What is PCOS?
PCOS stands for poly-cystic ovarian syndrome:
Poly = many
Cystic = fluid-filled sack
Ovarian = in the ovaries
Syndrome = a collection of symptoms
Essentially, theunderlying reason for why the ovary is producing excessive numbers of cysts isdue to an excessive production of two key hormones: androgens and insulin.Androgens are male sex hormones that are produced in only small amounts inwomen.
What is a hormone?
A hormone is a chemical messenger produced by glands. The messages that hormones send make the cell respond.
There are 2 types of glands: endocrine and exocrine. Endocrine glands are positioned far from the cell they are sending messages to, and exocrine glands are positioned close to the cells they are sending messages to.
Hormones can be cyclical, such as melatonin (our sleep hormone) or the sex hormone cycle, or they can be adaptive to our life choices like our food and stress levels. Another hormone type you may not have heard of are prostaglandins. Prostaglandins are responsible for managing inflammation, clotting and immunity.
Hormones have been a part of evolution since time immemorial. The most important factor to understand is that hormones respond to our life choices, they are inter-linking systems that help bring about balance and vitality.
For the hormone to tell the cell what it needs to do, it binds to a receptor on the surface of the cell.
What is a receptor?
Every cell in the body contains receptors: tiny locks on the cell's surface. A hormone binds to the receptor and triggers the cell to do something, such as grow, secrete, make something or divide.
Can there be an issue with receptors?
Receptors can get blocked or not work efficiently. Sometimes there is too much hormonal noise and the cell gets tired and tries to shut itself down. Other times there aren't enough receptors on the cell surface, so there is a lot of hormone but the message isn’t getting through… We call this resistance.
Symptoms of PCOS
Some women can have multiple cysts on their ovaries, but not have the associated symptoms of the syndrome.
Common symptoms include:
- Irregular or no periods
- Excessive facial and body hair
- Hair loss from the head
- Acne on face or body
- Difficulty achieving pregnancy
- Small pieces of excess skin on the neck or armpits (skin tags)
- Dark or thick skin patches on the back of the neck, in the armpits, and under the breasts (acanthosis nigricans)
As well as these, issues can occur for women that go beyond the regular definition due to the psychological response, behavioural response, lifestyle habits and social impact of the condition. Anxiety and depression are common, easy weight gain - especially around the abdomen, poor body image and sugar cravings can be issues. Many women with PCOS also suffer from fatigue, poor sleep and can feel easily stressed.
Understanding the root causes and physiology (this is a fancy term for the way cells work), can help you understand the flow on effects of prolonged and excessive secretion of androgens and insulin and the overall implications of this syndrome, and most importantly, what you can do about it.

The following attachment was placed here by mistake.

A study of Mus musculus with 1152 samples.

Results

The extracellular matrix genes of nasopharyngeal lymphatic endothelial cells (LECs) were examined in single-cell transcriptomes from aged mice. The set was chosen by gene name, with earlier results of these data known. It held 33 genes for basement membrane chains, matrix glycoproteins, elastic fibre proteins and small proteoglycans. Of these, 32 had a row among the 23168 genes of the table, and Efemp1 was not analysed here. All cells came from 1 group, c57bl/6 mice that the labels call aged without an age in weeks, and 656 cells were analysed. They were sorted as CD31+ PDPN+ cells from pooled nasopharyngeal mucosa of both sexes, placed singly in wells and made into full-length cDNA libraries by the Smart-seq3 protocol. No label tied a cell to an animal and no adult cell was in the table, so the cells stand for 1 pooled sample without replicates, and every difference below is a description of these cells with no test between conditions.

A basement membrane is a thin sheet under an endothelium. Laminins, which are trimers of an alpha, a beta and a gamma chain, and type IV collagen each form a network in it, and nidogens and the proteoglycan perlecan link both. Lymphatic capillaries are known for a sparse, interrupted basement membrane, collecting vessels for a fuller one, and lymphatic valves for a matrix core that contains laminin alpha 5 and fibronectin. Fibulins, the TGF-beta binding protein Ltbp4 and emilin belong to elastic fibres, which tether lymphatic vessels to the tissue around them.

How can some women have multiple cysts and not have PCOS?
Some women have PCOS and don't have ovarian cysts and others can have multiple ovarian cysts but not have the syndrome. Aint medicine confusing?
One of the key criteria for PCOS is having multiple cysts. By definition, we say that having over 12 cysts in either one or both ovaries is considered polycystic. But you need to also have the key features of excessive androgen or excessive insulin. You need 2 out of the 3 symptoms to be diagnosed.
Insulin and ovulation
Insulin is one of the key factors signalling the nutritional status of an individual. When there is excessive production due to imbalances in food choices, gut biome health, exercise, genetics, stress and the like, the key hormonal cascades in the brain are impacted, blocking the effective and healthy cycling of the sex and thyroid hormone pathways. It's a bit like nature’s way of telling the body, “hey girl- we don’t have enough nutrition to support a pregnancy right now so let’s wait until you get some and then we can work on reproduction”. Make sense?
The same goes for stress. Cortisol also can block the healthy sex hormone cycle for the same reasons.
Insulin is the driver that blocks healthy ovulation. When the correct signalling for ovulation is blocked, the ovaries fail to bring one of its eggs to full maturation. No mature egg, means no ovulation.
When this happens, cysts are formed instead. The cysts then make androgens. Because there are multiple cysts, there are too many androgens. Hence the hairiness, acne and male-pattern balding.
Taking a broad look beyond the fundamentals of the PCOS diagnosis, we can get a more complete picture of how PCOS develops and most importantly, how it impacts a person's life.
From the words of the father of Western Medicine: “it is more important to treat the person who has the disease, rather than the disease itself”.